Sedgman’s scope of works relates to the $US270 million first stage of the Benga project, which is being developed by Riversdale and partner Tata Steel.
Stage 1 entails processing 5.3 million run-of-mine tonnes per year to produce approximately 1.7 million tonnes per annum of high-quality hard coking coal and 300,000t of export thermal coal.
The CHPP will consist of an 800t per hour dense medium cyclone, reflux classifier and flotation circuit with raw and product coal handling facilities and has been designed with provision for staged expansion to 3000tph. Tailings will be deposited in a dam and coarse rejects will be trucked back to the pit area.
Sedgman managing director Mark Read said the award of the Benga contracts acknowledged the extent of Sedgman’s leadership in minerals processing and materials handling technologies.
“Importantly, this new contract follows on from the $150 million of engineer, procure and construct contracts won by Sedgman’s Coal division in the past three months, and the award to the metals division of an EPC contract for Discovery Metals’ Boseto Copper project in Botswana which is potentially worth $US85 million,” Read said.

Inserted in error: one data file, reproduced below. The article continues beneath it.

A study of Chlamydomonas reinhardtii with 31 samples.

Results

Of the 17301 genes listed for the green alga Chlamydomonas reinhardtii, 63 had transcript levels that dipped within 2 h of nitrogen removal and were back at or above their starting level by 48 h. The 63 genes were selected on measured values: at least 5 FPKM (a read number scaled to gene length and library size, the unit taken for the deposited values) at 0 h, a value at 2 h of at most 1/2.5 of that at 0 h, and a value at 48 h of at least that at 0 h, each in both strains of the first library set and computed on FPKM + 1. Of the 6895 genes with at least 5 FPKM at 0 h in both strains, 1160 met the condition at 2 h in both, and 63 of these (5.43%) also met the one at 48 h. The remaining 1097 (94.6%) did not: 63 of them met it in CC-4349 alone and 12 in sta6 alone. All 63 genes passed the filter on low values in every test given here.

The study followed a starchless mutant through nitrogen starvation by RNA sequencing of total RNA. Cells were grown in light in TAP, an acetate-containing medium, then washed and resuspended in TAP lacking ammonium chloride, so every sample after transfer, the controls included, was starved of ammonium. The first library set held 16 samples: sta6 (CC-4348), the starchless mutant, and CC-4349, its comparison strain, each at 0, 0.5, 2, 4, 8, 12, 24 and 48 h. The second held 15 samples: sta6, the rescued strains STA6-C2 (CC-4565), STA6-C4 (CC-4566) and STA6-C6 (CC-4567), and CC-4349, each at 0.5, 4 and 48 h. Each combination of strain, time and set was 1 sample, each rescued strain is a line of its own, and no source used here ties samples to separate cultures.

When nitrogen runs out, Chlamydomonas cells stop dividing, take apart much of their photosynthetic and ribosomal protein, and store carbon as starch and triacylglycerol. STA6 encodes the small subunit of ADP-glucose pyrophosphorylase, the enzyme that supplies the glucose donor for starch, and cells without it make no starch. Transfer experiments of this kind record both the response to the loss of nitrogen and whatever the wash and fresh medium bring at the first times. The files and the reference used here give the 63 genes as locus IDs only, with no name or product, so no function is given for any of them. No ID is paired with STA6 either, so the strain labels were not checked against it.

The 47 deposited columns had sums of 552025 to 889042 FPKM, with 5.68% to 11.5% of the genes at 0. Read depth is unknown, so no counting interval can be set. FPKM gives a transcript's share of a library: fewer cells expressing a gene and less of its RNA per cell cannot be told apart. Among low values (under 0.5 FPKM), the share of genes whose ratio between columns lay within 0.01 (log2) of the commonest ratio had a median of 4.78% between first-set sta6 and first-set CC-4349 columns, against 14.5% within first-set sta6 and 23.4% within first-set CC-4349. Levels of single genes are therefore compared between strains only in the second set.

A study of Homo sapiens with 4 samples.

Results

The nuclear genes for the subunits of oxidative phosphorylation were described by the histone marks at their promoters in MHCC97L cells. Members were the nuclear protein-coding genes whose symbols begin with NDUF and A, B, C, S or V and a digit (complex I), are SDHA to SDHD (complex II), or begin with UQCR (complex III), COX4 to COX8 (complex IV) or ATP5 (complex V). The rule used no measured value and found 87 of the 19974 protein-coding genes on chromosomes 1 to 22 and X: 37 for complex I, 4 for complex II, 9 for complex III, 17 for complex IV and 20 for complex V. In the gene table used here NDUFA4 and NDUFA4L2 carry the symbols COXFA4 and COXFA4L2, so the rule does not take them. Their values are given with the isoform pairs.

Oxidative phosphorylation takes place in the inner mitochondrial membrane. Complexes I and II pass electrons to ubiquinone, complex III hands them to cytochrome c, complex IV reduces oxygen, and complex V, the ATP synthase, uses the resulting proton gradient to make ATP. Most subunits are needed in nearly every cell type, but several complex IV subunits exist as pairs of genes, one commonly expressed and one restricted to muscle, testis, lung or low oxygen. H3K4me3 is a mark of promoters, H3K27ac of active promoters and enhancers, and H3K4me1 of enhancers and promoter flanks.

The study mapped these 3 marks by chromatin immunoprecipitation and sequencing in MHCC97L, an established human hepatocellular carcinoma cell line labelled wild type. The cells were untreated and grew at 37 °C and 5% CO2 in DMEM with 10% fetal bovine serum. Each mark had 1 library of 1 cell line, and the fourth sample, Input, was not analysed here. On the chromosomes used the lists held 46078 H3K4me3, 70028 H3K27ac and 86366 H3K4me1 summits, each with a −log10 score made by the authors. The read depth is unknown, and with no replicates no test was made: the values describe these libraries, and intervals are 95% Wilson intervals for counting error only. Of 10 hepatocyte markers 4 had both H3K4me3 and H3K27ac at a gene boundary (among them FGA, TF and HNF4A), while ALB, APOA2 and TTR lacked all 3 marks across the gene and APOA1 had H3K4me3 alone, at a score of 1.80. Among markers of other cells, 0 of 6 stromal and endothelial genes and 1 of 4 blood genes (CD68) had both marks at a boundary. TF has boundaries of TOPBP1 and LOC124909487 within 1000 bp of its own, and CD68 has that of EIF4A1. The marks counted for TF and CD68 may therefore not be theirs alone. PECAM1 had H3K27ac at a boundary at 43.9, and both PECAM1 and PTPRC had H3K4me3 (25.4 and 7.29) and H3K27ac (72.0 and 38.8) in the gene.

“Delivery of the Benga CHPP project further supports our positive growth outlook for FY2011 and beyond, particularly as we continue to grow our order book and capitalise on the increasing number of project opportunities both in Australia and abroad.”
The increasing amount of work being won by Sedgman in southern Africa further demonstrated the success of its global diversification strategy in penetrating targeted offshore markets and regions where its major clients were operating.
“Importantly, this strategy is delivering Sedgman a substantial number of options to drive growth particularly as we cement new client relationships in these offshore jurisdictions,” Read said.
Sedgman’s global strategy targeting the emerging coal basins of southern Africa, China/Mongolia and South America, and expansion of metalliferous mining activity in those regions, is being supported and driven through offices in Johannesburg, Beijing and Santiago.
Sedgman’s share price was down by 3.5c to $1.25 in morning trade.